Two Cents and Sense: Cincinnati Bearcats vs SMU

[photo by Emily Witt | OhVarsity!]

[photo by Emily Witt | OhVarsity!]

It may not always be pretty, but it’s almost always been enough.

Despite facing a sub-100 KenPom team and despite playing at home in front of a sellout crowd, the Bearcats never quite took the reins on Saturday night in Clifton. Cincinnati did what they do, however, and won. They’re 19-3, and—barring something very unusual—will make their 2018-19 debut in the AP Poll Monday. Raise your hand if you thought this team would be ranked in February. If your hand is raised, put it down. You are lying.

It was an impressive game from an SMU team that currently sits at 12-9. I came in worried about their perimeter shooting. They made them, but their solid 10-for-28 (35.7%) success rate actually moved the needle in the right direction for a Bearcat defense that’s giving them up at a poor 36% rate. (It’s starting to look like this issue is simply not going to go away.) What kept SMU in the game was their two-point shooting. They shot 16-for-32 inside, a torrid mark against a UC defense that’s top-15 nationally at defending those shots. The Mustangs seemed to hit a lot of junk. On the road, this is probably a game the Bearcats lose. It was simply that kind of night for the Ponies. Thankfully, it didn’t matter.

The usual suspect was driving the steamroller for the Bearcats. Jarron Cumberland’s AAC Player of the Year candidacy is starting to look like a runaway, especially if the Bearcats keep winning at their current clip. If you’re feeling bold, he’s probably in some national conversations as well.

He’s turning into a player that’s immensely fun to watch. Not in a “wow, another 18 points” kind of way, but in a “spend five minutes following him on the court and you’ll be entertained” kind of way. Last night was one of the better games of his career, another impressive chapter for a player hitting his stride. It feels like every game he’s getting better, smarter, and more confident. It’s hilarious to imagine Mick Cronin publicly begging for him to “carve guys hearts out,” because that’s all he’s been doing recently. He racked up 24 points, nine rebounds, and five assists last night.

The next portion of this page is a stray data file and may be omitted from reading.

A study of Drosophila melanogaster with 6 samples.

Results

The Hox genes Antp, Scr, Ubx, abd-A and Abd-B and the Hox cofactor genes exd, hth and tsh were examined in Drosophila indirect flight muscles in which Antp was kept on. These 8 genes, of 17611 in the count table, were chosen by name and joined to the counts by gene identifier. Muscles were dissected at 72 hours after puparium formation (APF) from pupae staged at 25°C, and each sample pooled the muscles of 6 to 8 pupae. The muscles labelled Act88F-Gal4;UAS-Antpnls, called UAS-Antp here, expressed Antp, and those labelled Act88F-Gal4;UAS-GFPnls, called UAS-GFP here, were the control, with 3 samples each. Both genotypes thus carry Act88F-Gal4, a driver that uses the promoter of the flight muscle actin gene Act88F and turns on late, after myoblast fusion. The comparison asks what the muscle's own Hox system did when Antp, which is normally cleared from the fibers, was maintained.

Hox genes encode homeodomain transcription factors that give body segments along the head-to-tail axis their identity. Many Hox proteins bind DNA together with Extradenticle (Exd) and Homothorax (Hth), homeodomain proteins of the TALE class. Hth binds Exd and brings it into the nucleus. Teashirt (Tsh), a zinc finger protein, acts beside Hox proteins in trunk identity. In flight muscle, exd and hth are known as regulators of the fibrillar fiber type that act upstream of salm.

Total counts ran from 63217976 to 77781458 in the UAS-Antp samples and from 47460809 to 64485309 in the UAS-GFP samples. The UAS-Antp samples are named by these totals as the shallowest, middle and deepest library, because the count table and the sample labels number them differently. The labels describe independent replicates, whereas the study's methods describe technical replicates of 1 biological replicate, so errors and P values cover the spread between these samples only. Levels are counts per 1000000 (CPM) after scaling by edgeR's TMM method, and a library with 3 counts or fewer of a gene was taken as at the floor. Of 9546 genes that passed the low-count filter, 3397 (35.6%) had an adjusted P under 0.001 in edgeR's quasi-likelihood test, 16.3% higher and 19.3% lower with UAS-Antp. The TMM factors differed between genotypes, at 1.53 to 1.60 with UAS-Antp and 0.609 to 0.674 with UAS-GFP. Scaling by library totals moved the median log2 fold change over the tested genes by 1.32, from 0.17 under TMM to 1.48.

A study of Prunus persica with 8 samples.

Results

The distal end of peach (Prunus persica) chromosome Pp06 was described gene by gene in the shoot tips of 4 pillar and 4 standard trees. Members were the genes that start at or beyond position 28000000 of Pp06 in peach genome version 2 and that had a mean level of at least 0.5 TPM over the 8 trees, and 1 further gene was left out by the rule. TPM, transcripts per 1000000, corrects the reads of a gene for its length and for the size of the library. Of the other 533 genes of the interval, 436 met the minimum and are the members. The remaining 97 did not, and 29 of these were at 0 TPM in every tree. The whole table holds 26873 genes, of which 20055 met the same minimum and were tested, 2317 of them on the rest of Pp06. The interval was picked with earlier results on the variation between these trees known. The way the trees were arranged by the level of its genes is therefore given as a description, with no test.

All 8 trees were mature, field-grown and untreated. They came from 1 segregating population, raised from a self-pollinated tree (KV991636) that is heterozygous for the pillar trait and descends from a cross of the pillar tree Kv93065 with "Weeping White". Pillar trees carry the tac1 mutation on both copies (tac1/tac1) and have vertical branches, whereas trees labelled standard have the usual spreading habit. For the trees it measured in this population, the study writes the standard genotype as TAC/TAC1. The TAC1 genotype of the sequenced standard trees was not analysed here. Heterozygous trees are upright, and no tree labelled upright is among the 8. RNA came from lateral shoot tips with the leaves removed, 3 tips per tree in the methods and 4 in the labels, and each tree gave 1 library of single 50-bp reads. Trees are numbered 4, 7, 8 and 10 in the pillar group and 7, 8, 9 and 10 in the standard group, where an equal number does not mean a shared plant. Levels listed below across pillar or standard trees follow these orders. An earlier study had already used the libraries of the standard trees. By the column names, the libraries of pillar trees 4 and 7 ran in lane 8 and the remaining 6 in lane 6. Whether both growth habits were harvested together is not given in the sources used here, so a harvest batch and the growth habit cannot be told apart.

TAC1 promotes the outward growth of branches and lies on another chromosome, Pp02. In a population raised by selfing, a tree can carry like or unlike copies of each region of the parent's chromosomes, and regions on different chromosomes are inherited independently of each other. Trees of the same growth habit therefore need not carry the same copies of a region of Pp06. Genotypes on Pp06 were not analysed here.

Through the first nine games of this season he was averaging fewer than 15 points per game, and he felt a little underwhelming if I’m being honest. His season average has swelled to 18.7, he’s scored 20 or more points in five of his last six games, and he’s averaging 24.3 points, 6.0 rebounds, and 4.2 assists per game over that period. He’s officially surpassed “best player on the team” status and entered “damn, this kid is good” territory.

It’s stunning how close he’s come to Sean Kilpatrick’s dominant All-American senior season as just a junior. As a point of reference, SK’s senior-year PER (Player Efficiency Rating) was 26.2. Jarron is clocking in at 24.7. Those serve as the top two among all Bearcat guards and wings since 2009-10. The comparison between Senior SK and Junior Jarron was obvious. Count me among those who did not expect them to be this comparable.

Another conversation deserves to be had about how good Keith Williams has been. His sophomore-season charge continued with another 13 points against the Ponies, bringing his season scoring average back to 11.0 per game. He’s scored in double figures in seven of nine AAC games.

A huge boost came from the bench, which has been an area of (very minor) concern for me this season. Cane Broome looked like Cane Broome, contributing 11 points, three rebounds, two assists, a steal, and a block. Trevor Moore gave us another early glimpse of his possible future, hitting a trio of outside shots. He has the stroke. He has the defense. He has the energy. If he can start to piece it together when it counts, he’s going to give this program a serious weapon at some point in his career.

The bench didn’t commit a turnover, which feels important on a night Cumberland coughed it up five times. The starting bigs combined for just eight rebounds. Otherwise, any struggles this team had on Saturday were the usual: Poor officiating, inconsistent free-throw shooting, and a defense that’s shoddy by Cincinnati standards in some areas and embarrassing by national standards in others.

Mick Cronin still deserves a trophy for ensuring these struggles don’t translate to losses. I don’t think there are five more impressive coaching achievements in America this season. The rebuilding Bearcats are 19-3, soon to be ranked.

This week’s games at Memphis and Houston are going to be really fun. Lethally stressful, but fun.